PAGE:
How Does Your Tax Situation Change after a Divorce?
Filing taxes can be complicated even for the most straightforward of situations. When you divorce, things can become exponentially more confusing. Do you still have to file a joint return? What are your tax obligations? How do you go about claiming dependents? Filing your taxes for the first time post-divorce can be incredibly intimidating.
Whether you’re considering filing, in the middle of the divorce process, or have just finalized your divorce, you probably have a lot of questions. Below we tackle some frequently asked questions about how divorce can affect income tax filings. Keep reading to learn more.
When Does my Filing Status Officially Change?
If you got divorced mid-year, you are probably wondering how you manage your taxes. Do you file jointly with your former spouse, or do you file as single? As far as the IRS is concerned, if your divorce is finalized by December 31st, they will consider you unmarried for that entire calendar year. So, if your divorce was finalized on June 6th, 2020, the IRS will consider you unmarried for 2020. Similarly, if your divorce is finalized on December 31st, they will also consider you unmarried for 2020.
It is important to pay attention to the date that your divorce was finalized and not the date you initially filed. If your divorce were finalized on January 15th, 2020, you would have to file as married when filing your 2019 taxes, even if your divorce was initiated in 2019.
What Is My Post-Divorce Filing Status?
When you are married, you generally have two options when filing your taxes. You either select “married filing jointly” or “married filing separately.” Once your divorce is finalized and you have determined that the IRS will consider you unmarried for that filing year, you will have to select either “single” or “head of household.”
Do I Qualify for a Head of Household Filing?
If you plan to file for head of household, it is important to check to make sure that you meet the eligibility requirements. According to the IRS, you can file as head of household if you meet all the following criteria:
- You are married or considered unmarried by December 31st of the year for which you are filing
- You paid over 50% of the costs associated with keeping up a home for the year
- A qualifying dependent lived with you in the home for over half the year
To be considered unmarried by the IRS for head of household filing status, you must meet the following requirements:
- You file a separate return from your former spouse
- You paid more than 50% of the cost of keeping up your home during the tax year
- Your former spouse didn’t live in your home for the last six months of the tax year
- Your home was the primary residence for your children, stepchildren, or foster children for more than 50% of the year
- You can claim the child as a dependent
It’s important to note that if you and your former spouse share a minor child, both of you cannot use the child as your qualifying dependent when filing as head of household. The parent who has custody of the child the majority of the time can use the child as their qualifying dependent. If you and your child’s other parent share 50/50 custody, the parent with the higher adjusted gross income can claim the child.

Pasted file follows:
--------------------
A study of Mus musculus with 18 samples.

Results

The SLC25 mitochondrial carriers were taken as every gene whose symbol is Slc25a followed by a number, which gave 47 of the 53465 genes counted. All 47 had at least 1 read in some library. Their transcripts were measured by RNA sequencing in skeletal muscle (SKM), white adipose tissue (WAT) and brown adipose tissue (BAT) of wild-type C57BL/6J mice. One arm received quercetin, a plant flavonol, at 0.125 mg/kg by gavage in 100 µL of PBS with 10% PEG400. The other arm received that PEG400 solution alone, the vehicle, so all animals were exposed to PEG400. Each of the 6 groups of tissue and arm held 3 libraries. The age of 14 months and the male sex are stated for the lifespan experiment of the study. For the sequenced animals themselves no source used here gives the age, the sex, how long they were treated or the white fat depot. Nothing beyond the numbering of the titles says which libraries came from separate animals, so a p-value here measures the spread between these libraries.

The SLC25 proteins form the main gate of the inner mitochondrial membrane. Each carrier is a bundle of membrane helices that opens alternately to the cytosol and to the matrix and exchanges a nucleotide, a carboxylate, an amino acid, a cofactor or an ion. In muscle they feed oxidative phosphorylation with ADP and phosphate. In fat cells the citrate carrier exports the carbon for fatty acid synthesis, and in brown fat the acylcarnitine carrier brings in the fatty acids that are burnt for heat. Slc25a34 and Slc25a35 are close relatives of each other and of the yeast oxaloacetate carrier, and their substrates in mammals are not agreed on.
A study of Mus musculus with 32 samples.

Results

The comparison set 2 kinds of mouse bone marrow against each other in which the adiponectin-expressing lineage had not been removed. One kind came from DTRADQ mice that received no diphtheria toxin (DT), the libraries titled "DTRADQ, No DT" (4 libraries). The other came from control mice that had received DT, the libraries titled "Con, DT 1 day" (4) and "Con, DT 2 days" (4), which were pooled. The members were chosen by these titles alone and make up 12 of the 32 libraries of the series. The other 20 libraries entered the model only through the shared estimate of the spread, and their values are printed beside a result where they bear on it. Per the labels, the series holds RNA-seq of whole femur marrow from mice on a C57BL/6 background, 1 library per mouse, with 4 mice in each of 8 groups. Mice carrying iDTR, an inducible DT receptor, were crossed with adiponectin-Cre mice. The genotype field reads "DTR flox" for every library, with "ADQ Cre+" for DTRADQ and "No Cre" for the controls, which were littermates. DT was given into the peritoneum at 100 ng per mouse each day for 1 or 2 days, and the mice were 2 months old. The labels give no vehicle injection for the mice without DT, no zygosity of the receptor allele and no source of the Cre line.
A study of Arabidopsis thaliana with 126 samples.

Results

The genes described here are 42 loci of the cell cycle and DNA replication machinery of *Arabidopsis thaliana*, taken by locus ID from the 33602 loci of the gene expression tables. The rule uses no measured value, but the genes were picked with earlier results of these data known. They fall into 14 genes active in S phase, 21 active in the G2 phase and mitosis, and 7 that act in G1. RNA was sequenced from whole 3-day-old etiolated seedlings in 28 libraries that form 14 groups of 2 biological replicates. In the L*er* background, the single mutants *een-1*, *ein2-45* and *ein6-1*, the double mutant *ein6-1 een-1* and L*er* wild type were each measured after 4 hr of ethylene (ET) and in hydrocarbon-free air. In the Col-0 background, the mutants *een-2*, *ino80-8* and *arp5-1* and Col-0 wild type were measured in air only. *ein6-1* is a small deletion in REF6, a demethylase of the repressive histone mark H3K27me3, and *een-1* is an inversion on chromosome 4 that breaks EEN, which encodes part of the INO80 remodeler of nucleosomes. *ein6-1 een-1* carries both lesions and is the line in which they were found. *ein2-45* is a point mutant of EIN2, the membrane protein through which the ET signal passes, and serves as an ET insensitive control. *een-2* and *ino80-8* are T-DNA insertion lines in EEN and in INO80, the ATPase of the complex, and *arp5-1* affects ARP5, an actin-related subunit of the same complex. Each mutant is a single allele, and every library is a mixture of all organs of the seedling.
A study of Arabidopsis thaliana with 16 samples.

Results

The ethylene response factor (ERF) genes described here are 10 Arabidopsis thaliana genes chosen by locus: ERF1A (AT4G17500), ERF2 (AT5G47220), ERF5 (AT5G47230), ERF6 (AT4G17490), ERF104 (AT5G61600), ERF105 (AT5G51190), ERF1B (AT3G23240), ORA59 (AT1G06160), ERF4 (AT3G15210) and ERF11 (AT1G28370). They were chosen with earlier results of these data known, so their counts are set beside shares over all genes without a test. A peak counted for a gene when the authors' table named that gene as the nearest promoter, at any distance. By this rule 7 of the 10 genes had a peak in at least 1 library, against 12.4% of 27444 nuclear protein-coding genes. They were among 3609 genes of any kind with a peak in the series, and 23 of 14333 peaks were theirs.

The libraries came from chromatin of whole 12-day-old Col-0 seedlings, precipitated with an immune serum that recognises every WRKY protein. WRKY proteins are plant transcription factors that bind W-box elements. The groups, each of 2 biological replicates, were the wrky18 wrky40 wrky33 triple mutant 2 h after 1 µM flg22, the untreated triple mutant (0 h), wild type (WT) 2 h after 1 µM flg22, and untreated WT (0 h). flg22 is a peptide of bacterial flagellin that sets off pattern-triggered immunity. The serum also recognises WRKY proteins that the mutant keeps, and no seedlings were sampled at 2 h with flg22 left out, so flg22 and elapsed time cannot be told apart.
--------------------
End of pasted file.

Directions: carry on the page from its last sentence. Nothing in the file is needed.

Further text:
Note: using a dependent child to qualify for a head of household filing status is not the same as claiming the child as a dependent on your taxes. Keep reading to learn who gets to claim dependent children after a divorce.
Who Gets to Claim Dependent Children?
When a child’s parents are divorced and living separately, only one parent can claim the child as a dependent. Generally speaking, the custodial parent is the one who can claim the child as a dependent. However, the non-custodial parent may claim the child as a dependent as long as the custodial parent signs a written declaration citing that they will not be claiming the child as a dependent for that year. This letter then must be attached to the non-custodial parent’s return.
Do I Have to Pay Taxes on Child or Spousal Support?
According to the IRS, child support is neither taxable nor deductible. This means that the individual required to pay child support cannot deduct the payments from their taxes, and the person receiving the child support does not have to include them as taxable income.
While you are not required to report child support, you may be required to report alimony or spousal support, depending on when your divorce was finalized. If you were divorced on or before December 31st, 2018, spousal support payments are both deductible and taxable. However, if you were divorced after December 31st, 2018, you cannot deduct spousal support as the payor, nor do you have to report it as taxable income as the receiver.
Filing your taxes post-divorce can be very complicated. If this is your first time filling after your divorce, and you can afford it, it may be worth working with a tax preparer or a certified public accountant (CPA). They can help ensure that you are filing your taxes accurately and help you avoid an audit.